The Kind Of Leadership The Church Needs Now


This expression is a succinct, if folksy, way of describing the common practice of historical revisionism. Those of us who are conservatives often (and rightly) revile historical revisionists who look at history through Marxist, or feminist, or “queer theory,” or other ideological lenses.

But Christians tend to engage in revisionism, too. If progressives denigrate the past, many Christians and conservatives sentimentalize the past. We remember ourselves (as my father suggested above) as more virtuous and heroic than we really were, and we remember the past as simpler, nobler, more innocent. We remember the 1950s as the era in which all families looked like the Cleavers of “Leave It to Beaver.” We remember the era of America’s founding as a time when giants walked the earth.

We may not succumb to leftist revisionism, but our sentimentalizing of the past is a no less dangerous revisionism. After all, the left’s revisionism is dangerous not primarily because it is progressive or liberal in a relative political sense. Wilberforce’s abolitionism was, in its time, “progressive.” The American experiment in democracy was progressive in the age of monarchs and aristocrats. No, modern progressivism’s chief sin is that it is false. It perpetuates a false narrative of the world.

But those who disdain the left should take care that they do not become what they so vigorously fight against. The truth sets us free, and “bearing false witness,” is equally destructive to the truth whether those bearers of false witness come at us from the left or the right.

That’s why it is particularly distressing to see Christian ministries and conservative political leaders often use this kind of fear-based message in their fundraising. That message often sounds like this: “Things are bad and getting worse. But with your help, we can make (the church, America, our schools, journalism … take your pick) great again.

Donald Trump has been the most successful recent purveyor of this revisionist message, of course. But he is not the originator of this kind of fear-based populism. Evangelicalism has, in some ways, provided him with the playbook. The separatism of early 20th century fundamentalists and the “end times” eschatology of late 20th century evangelicals blazed the trail for 21st century populism. That may be why the evangelical church has responded hungrily to its message.

But the time has come for Christian leaders to take a step back and, with a “sound mind” (as Paul exhorted Timothy) to take a good look at what’s going on in the church and the world.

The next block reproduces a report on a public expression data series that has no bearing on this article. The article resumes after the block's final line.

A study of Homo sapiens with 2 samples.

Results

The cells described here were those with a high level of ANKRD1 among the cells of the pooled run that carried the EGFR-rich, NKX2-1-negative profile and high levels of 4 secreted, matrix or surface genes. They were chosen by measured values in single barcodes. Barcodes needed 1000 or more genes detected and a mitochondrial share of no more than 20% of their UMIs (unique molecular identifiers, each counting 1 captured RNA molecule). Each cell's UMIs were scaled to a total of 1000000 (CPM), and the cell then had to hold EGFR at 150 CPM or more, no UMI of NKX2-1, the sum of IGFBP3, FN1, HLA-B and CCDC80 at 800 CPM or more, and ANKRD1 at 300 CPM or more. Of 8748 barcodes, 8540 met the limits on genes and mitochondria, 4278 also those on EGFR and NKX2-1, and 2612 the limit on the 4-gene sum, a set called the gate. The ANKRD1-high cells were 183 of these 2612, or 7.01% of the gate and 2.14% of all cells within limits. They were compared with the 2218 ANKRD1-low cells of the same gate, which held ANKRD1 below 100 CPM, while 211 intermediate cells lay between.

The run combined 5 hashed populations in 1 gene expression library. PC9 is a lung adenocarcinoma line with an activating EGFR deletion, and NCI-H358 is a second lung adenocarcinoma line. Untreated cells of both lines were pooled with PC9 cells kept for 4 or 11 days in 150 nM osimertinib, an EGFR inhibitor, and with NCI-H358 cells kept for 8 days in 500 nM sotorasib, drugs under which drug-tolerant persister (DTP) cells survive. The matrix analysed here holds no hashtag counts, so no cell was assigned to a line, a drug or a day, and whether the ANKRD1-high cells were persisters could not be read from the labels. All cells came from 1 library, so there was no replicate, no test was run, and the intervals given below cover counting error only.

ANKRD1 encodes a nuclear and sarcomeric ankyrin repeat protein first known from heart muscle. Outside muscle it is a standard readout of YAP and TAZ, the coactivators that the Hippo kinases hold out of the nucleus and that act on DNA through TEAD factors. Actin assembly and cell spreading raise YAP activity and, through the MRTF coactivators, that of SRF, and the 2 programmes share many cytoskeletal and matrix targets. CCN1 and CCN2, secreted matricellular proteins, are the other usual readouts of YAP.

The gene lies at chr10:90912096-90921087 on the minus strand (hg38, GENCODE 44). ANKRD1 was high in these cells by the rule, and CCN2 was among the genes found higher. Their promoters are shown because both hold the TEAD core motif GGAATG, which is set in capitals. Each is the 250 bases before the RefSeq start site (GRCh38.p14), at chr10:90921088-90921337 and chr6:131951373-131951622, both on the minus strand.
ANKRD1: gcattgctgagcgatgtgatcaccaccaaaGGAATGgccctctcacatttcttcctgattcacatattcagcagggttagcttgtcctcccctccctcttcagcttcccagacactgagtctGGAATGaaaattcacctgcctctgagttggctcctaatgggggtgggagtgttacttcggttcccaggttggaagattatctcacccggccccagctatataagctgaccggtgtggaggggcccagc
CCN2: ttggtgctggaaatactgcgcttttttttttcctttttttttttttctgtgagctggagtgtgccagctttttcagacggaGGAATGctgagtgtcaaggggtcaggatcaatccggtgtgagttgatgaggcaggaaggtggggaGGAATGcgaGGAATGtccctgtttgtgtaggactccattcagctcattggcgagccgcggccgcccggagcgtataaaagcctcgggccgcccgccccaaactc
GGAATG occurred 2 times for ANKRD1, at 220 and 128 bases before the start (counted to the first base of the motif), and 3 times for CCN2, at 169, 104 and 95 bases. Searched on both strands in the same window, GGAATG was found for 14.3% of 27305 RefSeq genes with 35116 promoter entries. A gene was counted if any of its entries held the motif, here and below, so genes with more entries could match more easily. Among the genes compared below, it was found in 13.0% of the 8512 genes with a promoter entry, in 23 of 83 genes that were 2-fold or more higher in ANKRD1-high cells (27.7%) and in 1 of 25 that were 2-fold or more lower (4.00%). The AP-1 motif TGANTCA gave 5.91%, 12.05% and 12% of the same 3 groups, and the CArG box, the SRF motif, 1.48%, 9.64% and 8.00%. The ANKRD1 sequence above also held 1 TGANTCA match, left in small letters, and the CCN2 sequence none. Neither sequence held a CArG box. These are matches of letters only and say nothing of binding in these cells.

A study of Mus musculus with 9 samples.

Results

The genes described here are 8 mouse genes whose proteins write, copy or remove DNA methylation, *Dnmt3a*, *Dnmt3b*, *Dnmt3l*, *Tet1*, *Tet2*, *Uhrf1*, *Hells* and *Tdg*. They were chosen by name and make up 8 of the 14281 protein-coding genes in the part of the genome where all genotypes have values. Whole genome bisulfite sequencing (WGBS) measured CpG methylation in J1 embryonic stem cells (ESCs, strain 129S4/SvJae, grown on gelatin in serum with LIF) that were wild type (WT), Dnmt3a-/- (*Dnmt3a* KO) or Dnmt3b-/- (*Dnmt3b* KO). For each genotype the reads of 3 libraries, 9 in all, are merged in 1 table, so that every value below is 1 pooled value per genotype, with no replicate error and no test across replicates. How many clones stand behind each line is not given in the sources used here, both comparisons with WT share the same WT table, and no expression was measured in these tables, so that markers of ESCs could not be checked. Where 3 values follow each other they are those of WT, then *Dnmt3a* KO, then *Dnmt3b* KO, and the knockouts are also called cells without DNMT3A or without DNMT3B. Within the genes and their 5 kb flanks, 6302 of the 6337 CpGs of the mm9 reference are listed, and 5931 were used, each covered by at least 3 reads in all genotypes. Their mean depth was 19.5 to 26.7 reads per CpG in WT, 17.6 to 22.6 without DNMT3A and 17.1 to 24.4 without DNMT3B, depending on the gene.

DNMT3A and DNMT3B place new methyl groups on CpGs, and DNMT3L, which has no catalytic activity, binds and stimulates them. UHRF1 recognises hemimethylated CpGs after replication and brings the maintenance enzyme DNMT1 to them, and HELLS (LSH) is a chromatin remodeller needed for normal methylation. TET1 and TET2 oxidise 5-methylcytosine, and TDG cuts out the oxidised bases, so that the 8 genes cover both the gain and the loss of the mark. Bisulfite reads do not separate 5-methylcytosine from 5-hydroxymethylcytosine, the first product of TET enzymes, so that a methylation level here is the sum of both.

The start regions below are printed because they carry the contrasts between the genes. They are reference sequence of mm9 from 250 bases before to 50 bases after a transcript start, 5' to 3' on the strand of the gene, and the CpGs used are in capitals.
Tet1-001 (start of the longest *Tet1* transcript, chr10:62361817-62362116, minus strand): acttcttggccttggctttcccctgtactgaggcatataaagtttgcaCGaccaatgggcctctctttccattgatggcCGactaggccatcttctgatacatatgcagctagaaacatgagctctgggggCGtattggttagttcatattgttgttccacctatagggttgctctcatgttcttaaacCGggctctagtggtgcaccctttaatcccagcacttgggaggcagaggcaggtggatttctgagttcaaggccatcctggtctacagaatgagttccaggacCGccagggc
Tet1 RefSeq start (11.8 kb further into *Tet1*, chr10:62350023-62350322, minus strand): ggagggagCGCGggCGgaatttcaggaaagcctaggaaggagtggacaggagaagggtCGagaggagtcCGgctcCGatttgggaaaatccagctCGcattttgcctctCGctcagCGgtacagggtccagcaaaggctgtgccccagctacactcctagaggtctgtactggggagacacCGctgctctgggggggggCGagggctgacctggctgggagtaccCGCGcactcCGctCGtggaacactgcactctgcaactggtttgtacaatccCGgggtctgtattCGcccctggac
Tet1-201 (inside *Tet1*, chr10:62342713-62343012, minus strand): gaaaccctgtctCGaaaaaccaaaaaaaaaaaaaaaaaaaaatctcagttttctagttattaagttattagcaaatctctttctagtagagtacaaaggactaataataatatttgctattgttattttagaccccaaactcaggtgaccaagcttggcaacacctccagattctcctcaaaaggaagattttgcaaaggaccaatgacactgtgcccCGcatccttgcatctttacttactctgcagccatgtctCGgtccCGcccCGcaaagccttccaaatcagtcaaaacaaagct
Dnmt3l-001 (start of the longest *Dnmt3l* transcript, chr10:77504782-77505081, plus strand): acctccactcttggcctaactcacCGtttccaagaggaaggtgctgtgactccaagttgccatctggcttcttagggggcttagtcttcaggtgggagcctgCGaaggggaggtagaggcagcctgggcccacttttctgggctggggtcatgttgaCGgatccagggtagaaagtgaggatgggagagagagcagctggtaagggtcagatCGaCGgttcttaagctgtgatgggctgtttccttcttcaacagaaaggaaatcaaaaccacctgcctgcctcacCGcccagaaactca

That’s why, when I feel the temptation to “bear false witness” regarding the past, or when I get discouraged about the current political environment — or the state of the church and the world — I ask myself this question: Would I rather live today, or 100 years ago? Before you answer too glibly, consider the following:

  • In 1920, the average lifespan of an American male was 54 years. For women, it was 55.

  • We had just completed a devastating world war that left Europe in ruins and a generation of Americans shell-shocked.

  • Cocaine was legal.

  • Virulent forms of racism were socially acceptable, and Jim Crow was the law of the land.

  • The Communist Revolution, which destroyed 150 million people in death camps and gulags during the 20th century, was just gearing up.

  • Polio was on the rise and would soon reach pandemic proportions in America and Europe.

  • The world was slowly recovering from the Spanish flu, which infected 500 million people killed as many as 100 million — that at a time when global population was less than 2 billion.

We survived them all. We triumphed over them all.

We’ve got problems today, that’s for sure, but I think we’d be better off if we had a little historical perspective, learned from our ancestors and faced our problems like adults — rather than like Chicken Little, crying that the sky is falling every time we encounter something we don’t like.

And for those of you in leadership of Christian ministries, think about your fundraising and other messages. Are you contributing to the fear or pointing people towards the “love (that) casts out all fear”?

The hardest thing about living in a chaotic time is deciding not to participate in the chaos and then figuring out how not to participate. A certain kind of populist demagogue thrives on the chaos. He will find a riot, call it a parade and declare himself its drum major. Then, when the riot spins out of control, he says, “Don’t look at me!” Or “That’s not what I meant!”

That’s not the kind of leadership the church needs now. We need leaders who will resist the temptation to say the world is going to hell on a bobsled merely because that message will inflame passions and fill coffers. Rather, we need leaders who embrace the biblical narrative that we live in a beautiful, if broken, world, and God — in His sovereignty and grace — has entrusted us with a ministry of reconciliation and restoration.

Let us be about that work.

This article was originally published at MinistryWatch.